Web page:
Russian Forces Halt Kyiv Advance as Kremlin Says Donbass Was Its Only Goal All Along
Pentagon official rebuts Moscow's claims about war aims, casualties; adds that Russian precision munitions are failing at high rates.
A month into its invasion, Russia appears to be reducing its war aims from capturing all of Ukraine to merely holding the Donbass region–which a top Russian military officer said Friday was the goal from the start, but which Pentagon said may be a result of Russia’s intelligence failures.
“Our forces and equipment will focus on the most important thing, the complete liberation of Donbass,” Russian General Staff head of military operations Sergei Rudskoi said at a Friday briefing in Moscow, as reported by Interfax. Rudskoi said the month-long invasion had completed its first phase and achieved its purpose: keeping Ukraine from retaking the separatist-controlled Donbass territories.
Rudskoi claimed the attacks on Kyiv and outlying cities were done only to keep Ukraine from being able to send troops or defenses to Donbass.
He also said Russian military casualties were 1,351 dead and 3,825 wounded. Both figures are far below recent NATO estimates of 7,000 and 15,000 Russians dead and 40,000 wounded.
A senior U.S. defense official told reporters on Friday that Pentagon leaders have a different assessment of the situation: that intelligence, command and control, and logistics failures were taking their toll and potentially forcing Russia to reconsider its objectives.
“They overestimated their ability to take any population center and they clearly underestimated the Ukrainian resistance,” the official said. “So I think it's safe to assume that they face some intelligence failures of their own. Whether they're now changing their strategic goals or not, I think it's difficult to say.”
On the ground, the official said, the Russians were facing “significant command and control problems, both in terms of an individual leader’s ability to command troops in his field but also the ability of commanders to speak to one another.”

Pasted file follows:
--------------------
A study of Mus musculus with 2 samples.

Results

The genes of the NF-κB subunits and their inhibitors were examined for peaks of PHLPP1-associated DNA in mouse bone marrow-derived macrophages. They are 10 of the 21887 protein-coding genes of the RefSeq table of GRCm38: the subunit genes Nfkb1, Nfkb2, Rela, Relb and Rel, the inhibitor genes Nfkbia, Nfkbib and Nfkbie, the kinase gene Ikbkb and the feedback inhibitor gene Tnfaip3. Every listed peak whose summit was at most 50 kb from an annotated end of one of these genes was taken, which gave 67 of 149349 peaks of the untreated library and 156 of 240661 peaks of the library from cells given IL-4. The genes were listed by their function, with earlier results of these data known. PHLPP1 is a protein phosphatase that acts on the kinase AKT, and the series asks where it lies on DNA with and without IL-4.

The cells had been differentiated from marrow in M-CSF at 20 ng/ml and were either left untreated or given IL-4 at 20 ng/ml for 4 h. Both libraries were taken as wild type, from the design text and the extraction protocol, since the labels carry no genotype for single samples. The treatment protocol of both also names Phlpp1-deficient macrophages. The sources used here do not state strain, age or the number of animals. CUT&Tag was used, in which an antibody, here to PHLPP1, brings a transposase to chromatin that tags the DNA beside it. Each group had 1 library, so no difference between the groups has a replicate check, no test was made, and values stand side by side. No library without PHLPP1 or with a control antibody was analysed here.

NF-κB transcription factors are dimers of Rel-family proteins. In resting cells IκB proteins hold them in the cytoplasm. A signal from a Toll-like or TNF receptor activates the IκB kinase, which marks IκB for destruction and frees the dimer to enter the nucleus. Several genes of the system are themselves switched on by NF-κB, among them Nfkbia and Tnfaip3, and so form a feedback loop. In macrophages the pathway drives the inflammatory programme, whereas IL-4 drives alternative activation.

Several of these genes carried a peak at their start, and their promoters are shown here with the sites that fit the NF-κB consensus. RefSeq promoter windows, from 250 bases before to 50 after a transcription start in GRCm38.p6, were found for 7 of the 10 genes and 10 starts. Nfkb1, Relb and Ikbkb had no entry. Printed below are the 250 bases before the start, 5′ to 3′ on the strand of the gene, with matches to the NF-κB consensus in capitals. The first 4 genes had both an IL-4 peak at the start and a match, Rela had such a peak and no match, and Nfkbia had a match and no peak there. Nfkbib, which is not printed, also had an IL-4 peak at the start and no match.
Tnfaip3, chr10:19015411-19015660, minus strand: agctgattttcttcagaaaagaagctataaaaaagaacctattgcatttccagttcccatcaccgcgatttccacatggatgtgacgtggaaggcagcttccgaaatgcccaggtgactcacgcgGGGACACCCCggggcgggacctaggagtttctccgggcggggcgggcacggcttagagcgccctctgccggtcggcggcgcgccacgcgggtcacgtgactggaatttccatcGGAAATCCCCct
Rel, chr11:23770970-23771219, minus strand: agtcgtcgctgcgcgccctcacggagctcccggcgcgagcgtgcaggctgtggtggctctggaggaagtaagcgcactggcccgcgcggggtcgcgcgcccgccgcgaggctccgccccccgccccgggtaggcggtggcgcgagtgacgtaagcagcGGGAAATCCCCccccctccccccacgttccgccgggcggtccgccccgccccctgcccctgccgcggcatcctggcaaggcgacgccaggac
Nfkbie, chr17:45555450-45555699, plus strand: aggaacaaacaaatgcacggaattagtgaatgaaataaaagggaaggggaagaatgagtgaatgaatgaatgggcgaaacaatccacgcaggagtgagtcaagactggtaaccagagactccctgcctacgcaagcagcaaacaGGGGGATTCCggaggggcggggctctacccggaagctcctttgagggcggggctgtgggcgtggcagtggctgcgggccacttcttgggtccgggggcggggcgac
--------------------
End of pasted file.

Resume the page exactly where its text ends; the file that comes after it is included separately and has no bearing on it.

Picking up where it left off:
Unlike the United States, Russia does not have a non-commissioned officer corps, seasoned and senior enlisted leaders who provide decentralized command and control.
Russia’s stalled ground attack and columns of forces that have faced fuel, food and water shortages have forced it to rely heavily on long-range fires, which were also facing shortages and high failure rates.
Those long convoys of troops that had been headed to Kyiv have not made significant forward progress in weeks and were now digging in, the official said.
“The Russians are at least for the moment not pursuing a ground offensive towards Kyiv. They are digging in. They're establishing defensive positions. They don't show any signs of being willing to move on Kyiv from the ground,” the official said.
As of Friday, Russia was also continuing its escalated air war, launching more than 300 sorties a day, but its stocks of air-launched cruise missiles were dwindling, the official said.
All types of Russian precision munitions are seeing high failure rates, perhaps up to 60 percent, the official said.
“The ranges I've seen in the press from anywhere from 20% to 60%—I would not push back on that assessment,” the official said. “There are times when they have—when our assessment is that they have experienced a significant amount of failure in their missiles.”
Russia appears to be concentrating its forces on eastern Ukraine, the official said.
“At least for the moment, they don't appear to want to pursue Kyiv as aggressively, or frankly at all. They are focused on the Donbass,” the official said.